Data: American Medical Association. Get the data; Cartogram: Andrew Witherspoon/Axios

Doctors are increasingly using prescription drug monitoring programs — databases that track patients' drug history — in an effort to cut down on inappropriate opioid prescriptions. This corresponded with a 9% drop in opioid prescriptions between 2016 and 2017, according to new data from the American Medical Association.

What's next: The AMA says policymakers need to focus next on the barriers to treatment that people struggling with opioid addiction still face, including insurance coverage issues.

  • "Treatment is key ... on average, 9 out of 10 patients who want access to medication assisted treatment can't get that medication assisted treatment," said Patrice Harris of the AMA's opioid task force.

Other key stats from the AMA's report:

  • The number of opioid prescriptions decreased by 22% between 2013 and 2017.
  • Prescriptions for naloxone – which is used for opioid overdose reversal — more than doubled in 2017 and are still on the rise in 2018.
  • Over the past year, there's been a 42% increase in the number of providers certified to use buprenorphine to treat opioid use disorders.

Go deeper: The rise of newer, deadlier opioids; More people are blaming the opioid crisis on drug companies

Go deeper

16 mins ago - Politics & Policy

Trump leaves White House for the final time

President Trump took off on Marine One at 8:17 a.m on Wednesday morning, departing the White House for the last time, en route to Florida.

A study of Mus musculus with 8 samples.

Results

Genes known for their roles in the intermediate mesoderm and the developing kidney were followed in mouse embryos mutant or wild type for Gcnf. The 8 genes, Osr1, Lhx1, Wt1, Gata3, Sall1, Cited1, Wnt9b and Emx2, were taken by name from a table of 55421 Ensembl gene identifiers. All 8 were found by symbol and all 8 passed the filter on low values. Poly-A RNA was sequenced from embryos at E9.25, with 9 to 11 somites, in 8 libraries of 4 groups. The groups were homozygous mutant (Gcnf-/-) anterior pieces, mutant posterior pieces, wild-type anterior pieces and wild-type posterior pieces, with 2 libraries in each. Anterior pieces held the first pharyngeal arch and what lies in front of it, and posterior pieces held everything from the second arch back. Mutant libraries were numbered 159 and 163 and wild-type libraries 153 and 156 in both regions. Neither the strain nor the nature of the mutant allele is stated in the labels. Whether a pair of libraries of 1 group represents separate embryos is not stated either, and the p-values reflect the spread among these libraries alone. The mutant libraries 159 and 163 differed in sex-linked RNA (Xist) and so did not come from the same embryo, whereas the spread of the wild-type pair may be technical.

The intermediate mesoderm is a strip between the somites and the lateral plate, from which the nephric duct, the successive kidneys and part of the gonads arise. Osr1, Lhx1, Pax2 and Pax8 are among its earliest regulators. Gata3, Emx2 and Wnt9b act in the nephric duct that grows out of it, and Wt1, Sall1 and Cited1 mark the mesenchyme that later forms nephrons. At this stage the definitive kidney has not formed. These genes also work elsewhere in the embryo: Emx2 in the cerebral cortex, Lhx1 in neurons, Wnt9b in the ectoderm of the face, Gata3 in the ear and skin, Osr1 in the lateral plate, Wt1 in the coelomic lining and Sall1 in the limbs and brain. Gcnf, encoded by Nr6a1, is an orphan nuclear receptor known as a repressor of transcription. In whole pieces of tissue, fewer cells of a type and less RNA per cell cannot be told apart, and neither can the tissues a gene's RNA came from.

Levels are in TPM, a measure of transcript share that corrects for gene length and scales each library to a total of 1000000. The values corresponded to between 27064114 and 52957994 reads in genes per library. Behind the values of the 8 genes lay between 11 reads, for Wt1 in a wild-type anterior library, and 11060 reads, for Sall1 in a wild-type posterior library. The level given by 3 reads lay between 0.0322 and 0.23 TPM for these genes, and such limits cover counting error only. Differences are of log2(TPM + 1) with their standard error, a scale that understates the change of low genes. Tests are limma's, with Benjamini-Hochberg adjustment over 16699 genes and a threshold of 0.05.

The big picture: Trump's final hours will be marked by snubbing his successor and granting pardons to many of his allies who have been swept up in corruption scandals.

Inauguration Day dashboard

Screenshot: Fox News

President Trump has left the White House en route to a farewell event at Andrews Air Force Base, kicking off the day that will culminate with President-elect Joe Biden taking office.

What's next: The inaugural celebration for young Americans is being livestreamed, starting at 10am.

Dion Rabouin, author of Markets
1 hour ago - Economy & Business

Janet Yellen said all the right things to reassure the markets

Illustration: Aïda Amer/Axios

Treasury Secretary nominee and former Fed chair Janet Yellen's confirmation hearing before the Senate Finance Committee on Tuesday showed markets just what they can expect from the administration of President-elect Joe Biden: more of what they got under President Trump — at least for now.

What it means: Investors and big companies reaped the benefits of ultralow U.S. interest rates and low taxes for most of Trump's term as well as significant increases in government spending, even before the coronavirus pandemic.